Aug. 29, 2014 SIGN IN | REGISTER

Larger Health Hurdles Loom

Merging Bills Will Be Difficult

Bill Clark/Roll Call
Sen. Chris Dodd will play a key role in the coming weeks in Democratic Senate leaders’ difficult task of merging two competing health care reform bills into one that can win the support of a diverse Conference.

As Senate Democrats look to close ranks heading into this week’s markup of the Finance Committee health care bill, a perhaps larger political minefield looms — the merger of that measure with a competing Senate plan.

Majority Leader Harry Reid (D-Nev.) plans to reconcile the two bills, forcing Democrats to choose between the nonprofit medical cooperatives proposed by Finance and a public insurance option contained in the Health, Education, Labor and Pensions Committee bill. Moderates tend to favor the co-ops, liberals prefer the public insurance option.

But the merger negotiations — to be held in consultation with each committee and the White House — face even more obstacles, and Democrats are now grappling with how to craft a bill that can earn 60 votes. And Democrats concede they have yet to determine a clear path forward.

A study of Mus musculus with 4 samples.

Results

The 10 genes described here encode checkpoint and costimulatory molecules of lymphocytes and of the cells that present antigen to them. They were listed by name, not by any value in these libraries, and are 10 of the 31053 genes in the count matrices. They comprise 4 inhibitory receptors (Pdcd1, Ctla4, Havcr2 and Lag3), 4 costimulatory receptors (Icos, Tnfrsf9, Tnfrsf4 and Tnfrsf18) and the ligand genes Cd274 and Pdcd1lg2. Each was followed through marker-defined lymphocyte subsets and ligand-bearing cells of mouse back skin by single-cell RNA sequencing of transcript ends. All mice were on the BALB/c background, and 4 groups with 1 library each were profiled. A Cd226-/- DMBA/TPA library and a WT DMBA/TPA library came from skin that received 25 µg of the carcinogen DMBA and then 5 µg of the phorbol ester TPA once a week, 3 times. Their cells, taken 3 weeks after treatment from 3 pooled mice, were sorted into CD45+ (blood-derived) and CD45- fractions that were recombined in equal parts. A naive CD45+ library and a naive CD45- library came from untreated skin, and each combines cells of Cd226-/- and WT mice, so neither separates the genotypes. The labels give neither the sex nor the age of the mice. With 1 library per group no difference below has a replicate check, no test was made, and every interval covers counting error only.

“I think it’s going to be a process where the two are combined. But there’s no readily available road map for how that gets done,” said Sen. Bob Casey (D-Pa.), who sits on HELP and favors the public insurance option. “Obviously, Majority Leader Reid will oversee it. But the mechanics of how that gets done are still — I think are still a little unclear.”

Reid will guide the bills’ marriage with strong input from Finance Chairman Max Baucus (D-Mont.) and Sen. Chris Dodd (Conn.), the No. 2 Democrat on HELP. Dodd managed the markup of the HELP bill in the absence of former Chairman Edward Kennedy (D-Mass.), who died of brain cancer in August. Dodd will continue to play a key role in the merger discussions even though Sen. Tom Harkin (D-Iowa) is the panel’s new chairman.

However, Democratic leaders expect President Barack Obama to play the most significant role in shaping the Senate health care bill — and that includes mediating between the Conference’s competing factions.

At least in the Senate, Democrats are looking for Obama to take the lead on the health care reform effort, just as he did during his Sept. 9 address to a joint session of Congress.

“Now that we have a [Finance Committee] mark, at least we have a rough outline of what we’re going to do. It’s not like this is going to start cold,” a Senate Democratic leadership aide said. “We’ll be looking for a significant amount of direction from the president and his staff.”

“It’s going to be a combined effort,” Senate Majority Whip Dick Durbin (D-Ill.) added. “I think that’s the right way to approach it. Every vote is crucial at this point.”